Mental Illness: It Matters If You Tell! |Trauma and Anxiety

February 3, 2011 Kate White

"It'll go away, it just needs time, then I won't have to worry anymore...

It wasn't a big deal, or if it was it doesn't matter now. It's over. I'm fine, and I have all these anxiety coping skills. What's there to talk about anyway?"

I can't count the number of times I've thought that way about my mental health.

The message of silence is one that trauma survivors, and those with mental illness receive loud and clear, from society and often very directly from those closest to them. Most internalize it so deeply that it's years before they realize it isn't their voice. That it never was. That it doesn't have to be.

Coping with mental illness, PTSD and anxiety disorders

Ensuring a person with mental illness feels sufficiently complicit in their disease that their silence is virtually guaranteed is about the most effective way of ensuring nobody else has to deal with any of it that I can possibly think of.

Worst of all, in my opinion, when it's trauma we're talking about. As if the trauma itself wasn't enough now everywhere I look there's this message that the best thing I can do is bury my head in the sand and pretend this profoundly life altering experience never really happened in the first place?!

Trauma: It's important to tell

Because it's your story. Because in all the messages to shut up, stay quiet, don't bother, I've never once heard the true voice of a whole and emotionally healthy person speaking.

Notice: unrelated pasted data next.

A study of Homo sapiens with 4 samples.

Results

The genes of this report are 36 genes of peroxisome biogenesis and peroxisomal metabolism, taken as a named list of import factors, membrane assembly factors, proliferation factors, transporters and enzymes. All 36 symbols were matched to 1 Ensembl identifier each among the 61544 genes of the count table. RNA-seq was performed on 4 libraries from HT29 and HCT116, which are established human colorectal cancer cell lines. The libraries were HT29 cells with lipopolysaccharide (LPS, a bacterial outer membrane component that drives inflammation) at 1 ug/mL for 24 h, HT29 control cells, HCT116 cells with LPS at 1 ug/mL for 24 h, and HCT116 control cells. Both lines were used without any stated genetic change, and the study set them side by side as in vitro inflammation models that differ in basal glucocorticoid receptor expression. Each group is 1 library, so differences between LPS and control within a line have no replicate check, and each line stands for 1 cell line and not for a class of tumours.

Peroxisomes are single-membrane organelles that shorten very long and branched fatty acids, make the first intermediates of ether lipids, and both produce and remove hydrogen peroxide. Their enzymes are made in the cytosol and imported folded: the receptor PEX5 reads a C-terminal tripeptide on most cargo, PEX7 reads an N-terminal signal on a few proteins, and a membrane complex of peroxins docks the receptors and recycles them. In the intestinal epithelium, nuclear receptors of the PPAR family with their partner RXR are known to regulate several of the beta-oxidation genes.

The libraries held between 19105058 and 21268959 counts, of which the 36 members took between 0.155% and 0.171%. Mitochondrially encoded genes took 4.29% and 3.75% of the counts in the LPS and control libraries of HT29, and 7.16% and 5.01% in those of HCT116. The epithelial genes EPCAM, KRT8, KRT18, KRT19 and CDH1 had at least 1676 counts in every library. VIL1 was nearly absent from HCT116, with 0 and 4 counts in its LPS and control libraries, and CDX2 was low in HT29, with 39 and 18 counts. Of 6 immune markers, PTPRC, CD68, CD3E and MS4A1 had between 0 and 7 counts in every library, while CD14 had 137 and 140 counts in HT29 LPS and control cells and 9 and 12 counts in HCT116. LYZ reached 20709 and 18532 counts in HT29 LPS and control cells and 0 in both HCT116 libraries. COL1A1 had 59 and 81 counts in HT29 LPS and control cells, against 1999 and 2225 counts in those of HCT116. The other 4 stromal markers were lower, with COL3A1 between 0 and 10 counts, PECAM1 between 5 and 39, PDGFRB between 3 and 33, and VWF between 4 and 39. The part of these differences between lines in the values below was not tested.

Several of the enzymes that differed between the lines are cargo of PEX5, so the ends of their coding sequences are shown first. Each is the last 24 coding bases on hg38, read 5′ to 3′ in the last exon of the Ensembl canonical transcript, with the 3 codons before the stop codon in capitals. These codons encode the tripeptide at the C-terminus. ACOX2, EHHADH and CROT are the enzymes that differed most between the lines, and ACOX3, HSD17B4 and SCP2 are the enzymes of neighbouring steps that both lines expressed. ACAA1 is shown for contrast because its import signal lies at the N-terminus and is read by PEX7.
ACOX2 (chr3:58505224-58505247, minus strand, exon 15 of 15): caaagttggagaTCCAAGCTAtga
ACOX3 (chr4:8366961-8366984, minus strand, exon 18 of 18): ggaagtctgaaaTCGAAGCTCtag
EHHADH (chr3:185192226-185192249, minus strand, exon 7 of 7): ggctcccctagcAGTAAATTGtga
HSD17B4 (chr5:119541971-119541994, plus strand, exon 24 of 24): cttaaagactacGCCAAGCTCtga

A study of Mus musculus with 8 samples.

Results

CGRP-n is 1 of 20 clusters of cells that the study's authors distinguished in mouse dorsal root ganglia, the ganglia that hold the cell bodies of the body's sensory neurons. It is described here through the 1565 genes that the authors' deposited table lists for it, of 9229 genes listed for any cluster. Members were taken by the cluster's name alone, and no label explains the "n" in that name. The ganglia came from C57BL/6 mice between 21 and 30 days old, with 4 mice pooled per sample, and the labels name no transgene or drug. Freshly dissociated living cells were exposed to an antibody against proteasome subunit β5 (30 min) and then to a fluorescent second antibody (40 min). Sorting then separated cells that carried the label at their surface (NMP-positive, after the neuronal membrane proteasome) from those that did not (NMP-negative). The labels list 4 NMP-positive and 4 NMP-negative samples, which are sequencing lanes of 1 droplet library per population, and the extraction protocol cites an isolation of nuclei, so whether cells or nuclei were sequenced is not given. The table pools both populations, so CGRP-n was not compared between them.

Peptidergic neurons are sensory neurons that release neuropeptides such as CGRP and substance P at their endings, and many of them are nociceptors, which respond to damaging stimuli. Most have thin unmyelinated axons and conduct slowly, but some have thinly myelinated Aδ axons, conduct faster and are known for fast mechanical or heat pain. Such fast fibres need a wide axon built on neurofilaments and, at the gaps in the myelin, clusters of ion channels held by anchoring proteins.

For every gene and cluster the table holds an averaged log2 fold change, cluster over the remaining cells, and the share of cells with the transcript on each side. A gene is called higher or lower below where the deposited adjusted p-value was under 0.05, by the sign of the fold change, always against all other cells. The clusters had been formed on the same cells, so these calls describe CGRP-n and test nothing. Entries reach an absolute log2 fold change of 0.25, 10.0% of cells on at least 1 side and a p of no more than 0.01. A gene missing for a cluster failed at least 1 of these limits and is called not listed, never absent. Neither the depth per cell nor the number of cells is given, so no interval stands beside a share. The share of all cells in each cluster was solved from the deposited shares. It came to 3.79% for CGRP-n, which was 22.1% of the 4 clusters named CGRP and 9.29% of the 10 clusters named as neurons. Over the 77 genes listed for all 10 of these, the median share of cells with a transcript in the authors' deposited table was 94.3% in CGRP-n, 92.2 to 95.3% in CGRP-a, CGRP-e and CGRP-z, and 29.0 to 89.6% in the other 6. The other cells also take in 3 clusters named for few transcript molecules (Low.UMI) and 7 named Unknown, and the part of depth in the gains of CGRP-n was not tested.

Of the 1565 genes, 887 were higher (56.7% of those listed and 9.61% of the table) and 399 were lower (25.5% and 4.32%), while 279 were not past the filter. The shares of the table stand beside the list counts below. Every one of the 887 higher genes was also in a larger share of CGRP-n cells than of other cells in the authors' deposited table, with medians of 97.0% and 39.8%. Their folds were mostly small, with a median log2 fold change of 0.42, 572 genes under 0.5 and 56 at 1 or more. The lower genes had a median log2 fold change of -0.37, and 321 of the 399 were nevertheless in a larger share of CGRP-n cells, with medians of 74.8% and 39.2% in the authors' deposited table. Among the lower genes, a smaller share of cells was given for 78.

Life only has meaning when we are able to process it sufficient that it becomes part of our story, a piece that fits into the puzzle of our lives.

When we are able to speak of the difficulties in our lives, they stop simply being problems and start to become ways to know ourselves - Something that tells us something about who we are, about what life is, and something we don't have to be so terribly afraid and anxious about anymore.

Mental illness: it isn't just my problem

The way traumatic experience, in fact the way mental illness in general, is treated says a lot about each of us, and about the society we live in.

Sometimes people will tell me how they just brushed it off, all the anxiety and stress. Got on with it. I can only think about the pain underlying that statement. If you're just getting on with things, that isn't life. Yeah, sure, you dealt with it by not dealing with it. And that's achievement? Er, well done?

You can't brush off an anxiety disorder

You can brush off spilling your coffee at a presentation but brushing off an anxiety disorder it's, well it's such a closing off of experience. It must be hard, and I think it can make you hard, inside.

I tell my story because I don't want to get to a place like that; I don't want to wake up in 5 or 10 years and think, if only I'd dealt with that. If only I'd just told someone!

Yes, it's hard but it's not impossible. And it helps. OH, it's such a relief, to finally jump off that cliff and say it was what it was. This happened, maybe it's still happening. I don't know why. It hurts every day, and it changed things and I don't understand, not yet. But I'm willing to try.

White, K. (2011, February 3). Mental Illness: It Matters If You Tell! |Trauma and Anxiety, HealthyPlace. Retrieved on 2024, April 15 from

Author: Kate White

Dr Musli Ferati
February, 17 2011 at 6:58 am

You Ms. White has right when you told that every person with mental disorders unconcscientious feeling a guilty to sicken. In order to medicate the psychic illness this fact should be considered seriously. On the other side the nature of mental difficulty depends on sociocultural features and the structure of personality of sickness person. For the first ones, traumatic experiences are determinant factors. It is normally to react to provocative events, but recurrent and burdensome daily exhaustion damage our psychic integrity. Thus, it began step by step the psychopatologic process of mental disorders, directly to be conditioned of individual characteristic. An alleviation of spiritual suffering is to practice to share the same embarrassement to someone. This suggestion is stressing prodigiously in the above article.